One of the most insidious threats against American life is unchecked corporate consolidation and corporate concentration, Sen. Cory Booker (D-NJ) argued Thursday at a conference organized by the Open Markets Institute and Village Capital.
“This is the question we need to be answering,” said Booker, who some suspect may be warming up for a potential presidential run in 2020. “Who has the right to compete in America? Is it just special interest groups and large consolidated corporations? Or is this a nation of freedom where everyone can compete?”
Booker’s parents, who operated a funeral home in a segregated community, were personally affected by the consolidation of corporate power. He said that had been the biggest contributor to the decline of black-owned small businesses over the years.
The trade group representing black funeral home directors that once represented his family’s business, Booker explained, has seen its membership decline by 40 percent over the last 20 years alone. And the same story could be told for black banks, black insurance companies, black retailers and so on.
“This history, this heritage we have of entrepreneurialism, is being crushed…the bedrock of communities, the drivers of economic opportunity, the multiplier effect with jobs and the like in so many towns is now disappearing,” Booker said. “It’s no coincidence that after the most sustained period of merger activity in American corporate history, entrepreneurship has reached a 40 year low.”
Brian Feldman made this same argument in a 2017 article for Washington Monthly, writing that “the decline of black-owned independent businesses traces to many causes, but a major one that has been little noted was the decline in the enforcement of anti-monopoly and fair trade laws beginning in the late 1970s.”
“Under both Democratic and Republican administrations, a few firms that in previous decades would never have been allowed to merge or grow so large came to dominate almost every sector of the economy,” he wrote.
Booker on Thursday also addressed how consolidation of power had affected the agricultural sector.
Nowadays, farmers rarely ever own and operate their own businesses; the majority are “contract growers” for massive, vertically integrated mulitnational corporations. Under this model, corporations like Tyson and Smithfield own the animals and farmers are paid to raise them on their property. The catch is farmers have to absorb all the costs and risks associated with the relationship and are forced to accept whatever cost the corporate integrator pays.
“Today, 71 percent of contract poultry growers who depend on the income from their poultry contracts live at or below the federal poverty level, often with massive amounts of debt,” Booker said. “For those folks, the notion that you can make a living running your own enterprise, your own farm, is merely an illusion.”
Democrats like Booker have been trying to translate that platform into real policy proposals, ostensibly to win over voters most affected by antitrust issues and agricultural consolidation. In August, after meeting with contract growers in the Midwest, Booker introduced a bill in the Senate aimed at targeting large-scale consolidation in the agriculture industry.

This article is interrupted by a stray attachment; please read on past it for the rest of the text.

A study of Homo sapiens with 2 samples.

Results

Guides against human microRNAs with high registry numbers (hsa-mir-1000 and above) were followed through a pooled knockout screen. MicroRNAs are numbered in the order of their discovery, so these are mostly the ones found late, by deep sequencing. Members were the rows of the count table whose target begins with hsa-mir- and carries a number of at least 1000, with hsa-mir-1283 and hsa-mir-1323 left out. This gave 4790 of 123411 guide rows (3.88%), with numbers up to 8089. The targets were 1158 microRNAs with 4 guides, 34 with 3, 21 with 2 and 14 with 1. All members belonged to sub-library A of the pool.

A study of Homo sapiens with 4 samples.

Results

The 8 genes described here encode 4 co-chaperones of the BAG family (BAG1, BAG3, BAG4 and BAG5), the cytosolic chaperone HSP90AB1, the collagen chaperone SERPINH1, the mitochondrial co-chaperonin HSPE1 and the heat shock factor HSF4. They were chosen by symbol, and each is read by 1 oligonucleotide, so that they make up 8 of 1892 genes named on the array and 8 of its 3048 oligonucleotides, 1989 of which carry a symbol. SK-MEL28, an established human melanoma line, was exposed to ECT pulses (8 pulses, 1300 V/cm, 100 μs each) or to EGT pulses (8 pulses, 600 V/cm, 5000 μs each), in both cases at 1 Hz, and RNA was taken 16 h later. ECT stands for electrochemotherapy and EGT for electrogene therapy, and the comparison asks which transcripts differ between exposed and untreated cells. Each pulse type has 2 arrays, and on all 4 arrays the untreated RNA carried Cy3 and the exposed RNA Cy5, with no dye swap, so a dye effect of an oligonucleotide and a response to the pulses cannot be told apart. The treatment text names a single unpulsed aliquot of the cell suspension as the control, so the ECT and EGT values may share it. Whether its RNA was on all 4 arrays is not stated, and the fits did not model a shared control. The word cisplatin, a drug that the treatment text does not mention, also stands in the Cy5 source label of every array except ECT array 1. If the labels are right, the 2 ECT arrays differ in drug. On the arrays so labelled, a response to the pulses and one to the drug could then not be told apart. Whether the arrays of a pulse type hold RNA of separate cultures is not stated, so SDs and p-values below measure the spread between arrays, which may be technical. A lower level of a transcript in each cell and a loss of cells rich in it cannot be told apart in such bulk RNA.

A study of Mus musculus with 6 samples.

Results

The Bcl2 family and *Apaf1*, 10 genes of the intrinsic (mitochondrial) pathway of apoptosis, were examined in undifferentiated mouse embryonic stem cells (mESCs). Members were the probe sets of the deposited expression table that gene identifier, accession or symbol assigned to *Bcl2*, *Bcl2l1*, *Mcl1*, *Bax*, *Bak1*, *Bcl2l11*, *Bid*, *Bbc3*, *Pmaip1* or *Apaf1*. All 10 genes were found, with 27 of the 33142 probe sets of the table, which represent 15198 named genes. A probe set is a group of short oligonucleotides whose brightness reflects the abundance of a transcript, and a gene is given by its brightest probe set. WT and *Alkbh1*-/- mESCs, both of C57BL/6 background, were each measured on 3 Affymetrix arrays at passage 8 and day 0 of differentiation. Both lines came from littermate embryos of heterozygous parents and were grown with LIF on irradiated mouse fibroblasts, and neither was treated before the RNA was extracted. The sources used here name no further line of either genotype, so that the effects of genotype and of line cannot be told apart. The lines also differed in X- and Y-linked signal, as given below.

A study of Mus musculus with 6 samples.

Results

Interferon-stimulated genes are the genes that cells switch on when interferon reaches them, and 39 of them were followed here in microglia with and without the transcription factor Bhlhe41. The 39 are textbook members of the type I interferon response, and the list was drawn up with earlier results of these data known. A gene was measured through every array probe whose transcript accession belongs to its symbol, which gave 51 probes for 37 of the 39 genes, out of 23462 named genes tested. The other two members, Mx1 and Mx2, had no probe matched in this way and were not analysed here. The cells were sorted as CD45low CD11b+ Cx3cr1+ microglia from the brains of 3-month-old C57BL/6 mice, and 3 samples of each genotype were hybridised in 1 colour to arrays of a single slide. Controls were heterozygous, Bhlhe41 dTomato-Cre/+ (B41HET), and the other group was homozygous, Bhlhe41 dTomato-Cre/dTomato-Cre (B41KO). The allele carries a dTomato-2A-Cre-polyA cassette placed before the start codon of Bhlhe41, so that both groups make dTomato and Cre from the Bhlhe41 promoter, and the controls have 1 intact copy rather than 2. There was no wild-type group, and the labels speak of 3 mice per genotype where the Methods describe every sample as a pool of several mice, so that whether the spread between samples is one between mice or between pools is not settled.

This approach of tackling corporate monopolies, Big Agriculture in particular, has proven to be successful messaging for other rural red state Democrats.
In Oklahoma, a so-called “right to farm” ballot initiative was defeated in 2016, the same election cycle Donald Trump won the presidency. Despite support from the deep-red GOP governor and every member of the all-GOP congressional delegation, corporate agriculture interests in Oklahoma failed.
Oklahoma went bigly for Trump *and* against factory farm deregulation. Why? Ask Humane Society's Joe Maxwell. https://t.co/Qvi8MB1GwP
— HSUS Farm Animals (@HSUSFarmAnimals) March 10, 2017
The campaign against the ballot initiative was led primarily by a coalition of animal welfare activists, environmental groups, Native American tribes and family farmers who were able to convey a message to rural Oklahoma that resonated and crossed party lines.
“Democrats don’t have to throw out their values,” Joe Maxwell, one of the architects behind the campaign, told HuffPost. “Democrats don’t even have to abandon their issues. It’s about how you frame it. It’s about connecting with people and showing them how your ideas fit with their values.”
Other Democrats like Sen. Mark Warner (D-VA) and Sen. Elizabeth Warren (D-MA) are putting anti-trust reform at the center of their campaigns. Warner is more focused on reining in Big Tech while Warren has attempted to wage war against monopolies at every major industry level for years.
Booker’s appeal to rural voters by breaking down the Big Agriculture monopolies gets at something Democrats tried to remedy after the 2016 election with their Better Deal platform, which was released last year. While “prevent[ing] big mergers that would harm consumers, workers, and competition” is one of the top bullet points on the plan, however, it’s anyone’s guess whether Democrats will actually follow through on this promise and make a concerted effort to win back the rural voters that were once their bread and butter.